The world depicted in P. D. James’ recently adapted novel, The Children of Men, is ravaged by a pandemic of infertility. A mysterious plague has left women barren, schools empty and streets quiet. In James’s vision, there is no hope for the future because, without children, there simply is no future.

With last month’s first look at the data from the 2006 Census, Statistics Canada’s portrait of the nation drew uncomfortable parallels with James’s imagined dystopia. Although the release of this data was widely reported, most news outlets simply borrowed their headline from the first line of the Stats Can press release: “Between 2001 and 2006, Canada’s population increased 5.4 percent.” No mention was made of the fact that “net international migration fueled two-thirds of Canada’s population growth.”

In other words, the population of Canada is in decline. The widely reported “growth” is merely a statistical illusion – not the result of Canadian births, but rather, the influx of immigrants. This telling detail should sound alarms and spark debate. Instead, it will merely provoke another digression into the merits of lax immigration laws and not an examination of the moral crisis that makes this situation inevitable. Such policies are not the real issue and merely accelerate the onset of the complications that they temporarily conceal: the plunging Canadian birthrate.

Immigration is not the issue. The problem is not with “new Canadians,” but precisely, that we now think of migrants in those terms. “New Canadians” should not come to us from distant lands, but from delivery rooms. Immigrants to this country are new Canadians, notnew Canadians. Citizens should not be created only in the oath of citizenship, but rather within the vows of marriage. The new life of a nation should be the product of love and commitment. Too often, it is not.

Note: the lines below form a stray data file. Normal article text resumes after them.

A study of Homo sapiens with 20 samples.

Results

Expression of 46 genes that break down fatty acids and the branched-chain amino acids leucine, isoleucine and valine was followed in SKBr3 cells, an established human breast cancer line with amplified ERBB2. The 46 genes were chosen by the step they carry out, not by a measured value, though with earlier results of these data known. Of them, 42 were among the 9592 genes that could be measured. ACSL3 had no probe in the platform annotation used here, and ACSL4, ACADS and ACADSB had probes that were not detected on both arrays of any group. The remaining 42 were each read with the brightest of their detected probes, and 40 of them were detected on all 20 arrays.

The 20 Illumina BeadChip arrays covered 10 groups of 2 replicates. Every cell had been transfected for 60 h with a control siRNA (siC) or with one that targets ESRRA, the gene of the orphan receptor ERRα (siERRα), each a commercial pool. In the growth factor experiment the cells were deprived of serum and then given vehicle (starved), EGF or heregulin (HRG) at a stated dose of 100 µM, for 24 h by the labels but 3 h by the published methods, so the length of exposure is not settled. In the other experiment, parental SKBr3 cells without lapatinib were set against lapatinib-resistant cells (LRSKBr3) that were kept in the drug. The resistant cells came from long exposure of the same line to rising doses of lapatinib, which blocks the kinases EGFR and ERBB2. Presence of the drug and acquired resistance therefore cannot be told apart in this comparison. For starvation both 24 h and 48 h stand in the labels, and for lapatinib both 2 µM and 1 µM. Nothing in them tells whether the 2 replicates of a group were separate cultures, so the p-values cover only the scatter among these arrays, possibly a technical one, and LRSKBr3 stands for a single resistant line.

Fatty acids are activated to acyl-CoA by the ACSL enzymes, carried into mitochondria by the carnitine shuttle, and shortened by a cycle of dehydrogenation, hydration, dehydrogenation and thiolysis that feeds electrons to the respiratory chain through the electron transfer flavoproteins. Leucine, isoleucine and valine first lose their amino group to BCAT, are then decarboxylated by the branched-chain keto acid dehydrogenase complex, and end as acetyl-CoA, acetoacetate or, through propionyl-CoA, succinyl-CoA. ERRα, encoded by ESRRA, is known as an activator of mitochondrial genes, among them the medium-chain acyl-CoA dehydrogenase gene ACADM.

Thus, the physical plague that James’s novel depicts actually hints at a deeper, more somber sickness – the contagious attitude that sees new life as a burden, not a joy. Children, then, mark the unpleasant (and unplanned) cessation of that interminable adolescence which only ends with middle age, if ever. But such an attitude betrays the very hopeful joy that it seeks so desperately to satisfy. The promise of beauty is only truly fulfilled with the birth of the child.

When the Canadian novelist Yann Martel described Canada as a “great hotel,” he unwittingly hit upon a biblical echo, relevant to this current crisis: there is no room at this inn, which turns away the pregnant woman with disdain. That hotel wanted no part in the miraculous birth; similarly, Canadians turn away from the miracle of every birth. As Hannah Arendt put it: “The miracle that saves the world … from its normal, ‘natural’ ruin, is ultimately the fact of natality … Only the full experience of this capacity can bestow upon human affairs faith and hope.”